Furniture from the American Arts & Crafts period is often misunderstood and misinterpreted. Many woodworkers assume that the deliberate lack of ornament means it is easy to build. One often overlooked feature is the visual effect of parallel surfaces that aren’t in the same plane. Instead of the front face of a cabinet as one continuous surface with molding applied at the top and bottom, Craftsman furniture usually has steps between one surface and another. Simplicity of form doesn’t mean easy construction, most often the opposite is true.
In this Gustav Stickley (my reproduction) music cabinet, the vertical edges of the case sides are foremost. The top and bottom are set back from those edges, and the door is set back again, as is the rail below the cabinet bottom. This creates shadow lines that draw the eye toward the piece, inviting a closer look. This is a subtle but important effect. It doesn’t have the dazzle of intricate applied molding wrapped around the case. The design relies on good proportions and careful execution. In other styles of furniture if you miss the mark while constructing the case you can hide that behind the trim.
Here is Gustav Stickley’s view about applied ornament:
I thus clearly recognized the dangers of applied ornament and advanced a step from which I have never retrograded. I endeavored to turn such structural devices as the mortise and tenon to ornamental use; to employ them in such a way as to force them to give accent and variety to the outlines of the objects in which they occurred.
He was referring to exposed joinery, but the same reasoning applies to offsetting surfaces; the relationship between parts becomes a way to present an apparently simple design in a lively and interesting way. At right is a closer look at the corner of the door of my reproduction of a Gustav Stickley No. 70 Music Cabinet. Between the door and the side of the cabinet is a strip of wood about 3/8″ thick. This makes it possible for the door to swing neatly and of course it is one more opportunity to offset adjacent surfaces.
By the numbers, each of these offsets is 1/16″ back from the next surface. Just as the design goes back to basic elements, the successful execution of this work demands excellence in the basic tasks of making furniture. All of the pieces used in this composition must be as straight and square as possible, and the relationships must be consistently maintained.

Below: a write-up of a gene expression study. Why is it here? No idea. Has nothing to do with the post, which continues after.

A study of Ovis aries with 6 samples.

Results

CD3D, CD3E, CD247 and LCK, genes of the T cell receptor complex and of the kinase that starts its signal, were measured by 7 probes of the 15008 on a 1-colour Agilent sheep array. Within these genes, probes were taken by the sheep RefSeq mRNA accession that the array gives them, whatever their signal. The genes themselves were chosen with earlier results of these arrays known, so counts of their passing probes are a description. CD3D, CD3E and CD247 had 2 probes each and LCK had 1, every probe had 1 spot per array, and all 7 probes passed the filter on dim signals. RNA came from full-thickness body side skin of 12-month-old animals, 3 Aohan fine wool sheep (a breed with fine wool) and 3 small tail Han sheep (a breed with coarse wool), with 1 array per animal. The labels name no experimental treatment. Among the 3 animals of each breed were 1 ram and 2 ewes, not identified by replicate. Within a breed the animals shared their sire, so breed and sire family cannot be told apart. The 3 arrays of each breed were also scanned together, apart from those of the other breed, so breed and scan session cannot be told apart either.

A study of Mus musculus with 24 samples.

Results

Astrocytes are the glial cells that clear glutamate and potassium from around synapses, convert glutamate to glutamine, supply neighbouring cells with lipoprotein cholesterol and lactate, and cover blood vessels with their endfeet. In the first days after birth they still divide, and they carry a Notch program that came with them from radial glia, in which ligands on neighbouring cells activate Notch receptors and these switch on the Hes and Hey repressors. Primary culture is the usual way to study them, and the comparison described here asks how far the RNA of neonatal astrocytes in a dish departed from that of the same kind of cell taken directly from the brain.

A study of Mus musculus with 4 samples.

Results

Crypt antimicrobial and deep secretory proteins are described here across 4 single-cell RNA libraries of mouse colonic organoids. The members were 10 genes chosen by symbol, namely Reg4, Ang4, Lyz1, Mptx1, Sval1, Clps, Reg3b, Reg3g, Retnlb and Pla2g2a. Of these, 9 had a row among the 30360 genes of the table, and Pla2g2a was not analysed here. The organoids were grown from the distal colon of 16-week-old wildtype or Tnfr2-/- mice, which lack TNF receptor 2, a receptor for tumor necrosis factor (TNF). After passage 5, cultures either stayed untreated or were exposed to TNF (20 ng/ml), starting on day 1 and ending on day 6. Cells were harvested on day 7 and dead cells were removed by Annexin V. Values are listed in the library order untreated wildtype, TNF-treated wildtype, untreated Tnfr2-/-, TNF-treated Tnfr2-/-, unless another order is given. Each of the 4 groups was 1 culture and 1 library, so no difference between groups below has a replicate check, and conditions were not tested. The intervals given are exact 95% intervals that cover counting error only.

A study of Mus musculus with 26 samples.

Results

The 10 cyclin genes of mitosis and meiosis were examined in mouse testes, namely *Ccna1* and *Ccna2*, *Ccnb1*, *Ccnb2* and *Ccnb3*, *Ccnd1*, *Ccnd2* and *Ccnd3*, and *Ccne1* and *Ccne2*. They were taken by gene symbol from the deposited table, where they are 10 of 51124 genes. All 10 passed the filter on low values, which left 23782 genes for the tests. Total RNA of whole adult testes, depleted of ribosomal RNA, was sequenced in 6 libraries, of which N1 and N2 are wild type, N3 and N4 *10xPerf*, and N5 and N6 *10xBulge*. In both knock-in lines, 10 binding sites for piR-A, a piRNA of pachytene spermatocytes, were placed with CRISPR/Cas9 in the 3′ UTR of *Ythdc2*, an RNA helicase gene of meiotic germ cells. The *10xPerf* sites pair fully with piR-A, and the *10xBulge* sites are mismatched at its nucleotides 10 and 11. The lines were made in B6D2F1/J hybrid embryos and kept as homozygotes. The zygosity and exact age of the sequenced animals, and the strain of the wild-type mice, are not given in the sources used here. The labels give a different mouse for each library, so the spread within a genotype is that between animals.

In the shop this means the ability to make parts exactly the size you intend them to be and to consistently place them precisely where you want them. Often in construction, the parts are aligned on the back surfaces. Instead of working from the outside in, you work from the inside out.
The photo at left is my reproduction of the Byrdcliffe Sassafras linen press. This is near the center of the cabinet with doors above and drawers below the horizontal rail.The rail sits behind the leg, the vertical strips beside the door and drawer front are behind the rail, and the drawer front and door are behind those strips. Beside the door the vertical strip accommodates the hinge, and behind the scenes, attached to the lower strip, there is a wooden drawer slide that rides in a groove in the side of the drawer box.
These offsets help to distinguish one piece of wood from another in the finished case, enhancing the role of the grain and character of the material as a design element. As a builder details like this can present a challenge, but the end product is worth the extra effort. Little things in combination make a big difference. There is a wonderful quote about little things from the Dalai Lama “If you don’t think little things are important, try sleeping with a mosquito.”
If you’re interested in the furniture designs of Gustav Stickley and other makers of the Arts & Crafts period you should check out my book “Shop Drawings for Craftsman Furniture”, now available in hardcover.